Anonymous asked in Science & MathematicsPhysics · 4 weeks ago

Can space travel faster than the speed of light ?

9 Answers

  • goring
    Lv 6
    2 weeks ago

    a massive light particle displaces its volume of space at the same speed.

    If the universe consists of space structure then it must have a cause to make it move and spin at the same time

  • Anonymous
    4 weeks ago

    Space supposedly expands at a rate that is greater than the speed of light.

  • Dixon
    Lv 7
    4 weeks ago

    goring! .

  • 4 weeks ago

    strictly speaking, "space" does not and cannot travel. If we are discussing the expansion of the universe (something that can be considered in terms of "volume", then yes, the distance between two points can increase faster than the nominal rate of light movement. One can imagine two "locations" in motion as volume expands, so each "moves" away form the other at the speed of light, causing the distance of separation to increase at double the speed of light. If you do that with an infinite number of points in infinite space, then the expansion can far exceed the rate that light travels.

    This is not exactly a very precise way to look at things though, because the universe does not actually move. The things inside move, but not the universe. Expansion is not "movement".


    Nothing can travel faster than light through empty space, but space itself can expand as fast as it likes.

  • 4 weeks ago

    Space is a void that has no beginning or end. It doesn't go anywhere and already contains the points of origin and destination.

  • Tom S
    Lv 7
    4 weeks ago

    Space does not "travel".

  • 4 weeks ago

    Yes, sort of. It has to do with the expansion of the universe.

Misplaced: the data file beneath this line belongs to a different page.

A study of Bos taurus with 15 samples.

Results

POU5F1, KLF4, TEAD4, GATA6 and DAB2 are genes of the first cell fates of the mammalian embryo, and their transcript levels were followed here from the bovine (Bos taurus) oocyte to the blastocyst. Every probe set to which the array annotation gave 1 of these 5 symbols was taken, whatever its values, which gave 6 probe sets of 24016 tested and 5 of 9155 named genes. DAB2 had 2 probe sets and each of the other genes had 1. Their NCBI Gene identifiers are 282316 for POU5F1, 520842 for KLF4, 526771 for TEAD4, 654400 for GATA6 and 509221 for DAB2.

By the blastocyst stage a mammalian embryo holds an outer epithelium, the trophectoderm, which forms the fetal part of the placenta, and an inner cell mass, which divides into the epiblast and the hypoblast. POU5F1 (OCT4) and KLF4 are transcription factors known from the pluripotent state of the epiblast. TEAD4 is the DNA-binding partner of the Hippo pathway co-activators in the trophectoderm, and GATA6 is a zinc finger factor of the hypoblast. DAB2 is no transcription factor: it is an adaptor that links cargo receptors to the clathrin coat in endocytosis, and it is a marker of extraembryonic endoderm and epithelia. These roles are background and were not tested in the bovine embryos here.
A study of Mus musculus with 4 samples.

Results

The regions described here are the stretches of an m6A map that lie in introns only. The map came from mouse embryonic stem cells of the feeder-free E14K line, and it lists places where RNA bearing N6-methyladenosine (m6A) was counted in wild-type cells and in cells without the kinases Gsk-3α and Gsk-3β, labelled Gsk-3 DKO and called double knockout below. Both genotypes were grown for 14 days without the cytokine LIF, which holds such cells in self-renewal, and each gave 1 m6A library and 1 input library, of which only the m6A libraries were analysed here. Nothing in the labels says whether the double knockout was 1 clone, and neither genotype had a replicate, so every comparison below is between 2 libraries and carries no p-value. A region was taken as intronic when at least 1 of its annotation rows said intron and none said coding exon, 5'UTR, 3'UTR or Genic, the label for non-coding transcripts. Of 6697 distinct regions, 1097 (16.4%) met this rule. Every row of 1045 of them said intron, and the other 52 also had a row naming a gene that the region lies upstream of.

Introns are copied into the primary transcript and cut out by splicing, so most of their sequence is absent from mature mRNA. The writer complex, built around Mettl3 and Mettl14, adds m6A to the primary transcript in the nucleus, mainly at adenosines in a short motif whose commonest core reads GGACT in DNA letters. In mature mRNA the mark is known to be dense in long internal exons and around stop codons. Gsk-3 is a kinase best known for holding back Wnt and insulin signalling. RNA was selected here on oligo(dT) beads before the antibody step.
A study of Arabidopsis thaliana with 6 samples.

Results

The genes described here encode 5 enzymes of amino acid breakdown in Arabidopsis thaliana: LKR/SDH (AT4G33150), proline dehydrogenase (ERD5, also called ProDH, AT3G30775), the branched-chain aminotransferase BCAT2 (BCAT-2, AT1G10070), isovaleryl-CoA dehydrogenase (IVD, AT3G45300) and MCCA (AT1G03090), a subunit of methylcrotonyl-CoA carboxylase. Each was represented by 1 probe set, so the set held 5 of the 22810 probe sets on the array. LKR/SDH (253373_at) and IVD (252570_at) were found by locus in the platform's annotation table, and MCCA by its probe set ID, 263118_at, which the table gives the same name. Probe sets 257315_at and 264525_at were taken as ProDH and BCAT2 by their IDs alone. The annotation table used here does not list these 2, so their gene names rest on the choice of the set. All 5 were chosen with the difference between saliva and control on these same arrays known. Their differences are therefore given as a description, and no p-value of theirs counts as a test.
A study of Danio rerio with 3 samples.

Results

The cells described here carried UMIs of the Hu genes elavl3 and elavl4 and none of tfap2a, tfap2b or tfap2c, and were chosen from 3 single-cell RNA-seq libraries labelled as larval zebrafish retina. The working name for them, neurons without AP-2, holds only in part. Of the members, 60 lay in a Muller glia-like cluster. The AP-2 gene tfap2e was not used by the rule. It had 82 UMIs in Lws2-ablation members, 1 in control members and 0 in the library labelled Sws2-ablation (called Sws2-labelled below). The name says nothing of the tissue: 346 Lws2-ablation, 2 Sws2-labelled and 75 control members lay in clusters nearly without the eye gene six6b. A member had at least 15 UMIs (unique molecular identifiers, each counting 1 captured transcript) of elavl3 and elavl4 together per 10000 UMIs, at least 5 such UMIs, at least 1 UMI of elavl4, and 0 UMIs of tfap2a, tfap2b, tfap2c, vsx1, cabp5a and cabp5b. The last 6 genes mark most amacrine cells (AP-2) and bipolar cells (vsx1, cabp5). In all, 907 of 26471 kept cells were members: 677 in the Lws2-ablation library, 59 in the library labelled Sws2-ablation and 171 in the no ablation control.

• 4 weeks ago

    Let us suppose that there is an "edge" to the universe and that it was expanding faster than the speed of light relative to us.

    At some time "t" we observe where the edge of the universe is as far as the light reaching us indicates. Let us call this size S.

    Now during the next interval or time dt the universe expands further and faster than light. It therefore takes MORE time than dt to reach us.

    Let us imagine that the extra time taken for light to pass this difference is z and in that time the universe has expanded by x.

    We would observe that the universe was at size S+ x at a time z BEFORE time t

    ie we observe its size to be S at time t and size S+x at time t-z

    which means its velocity as observed by us must be negative.

    ie displacement / time = ((S+x)-S) / ((t-z) - t) = -x/t

    We observe it to be shrinking. The OBSERVATION of the size of the universe then would be the same if it was expanding faster than the speed of light or if the universe was shrinking instead.

    Which would lead to an interesting paradox.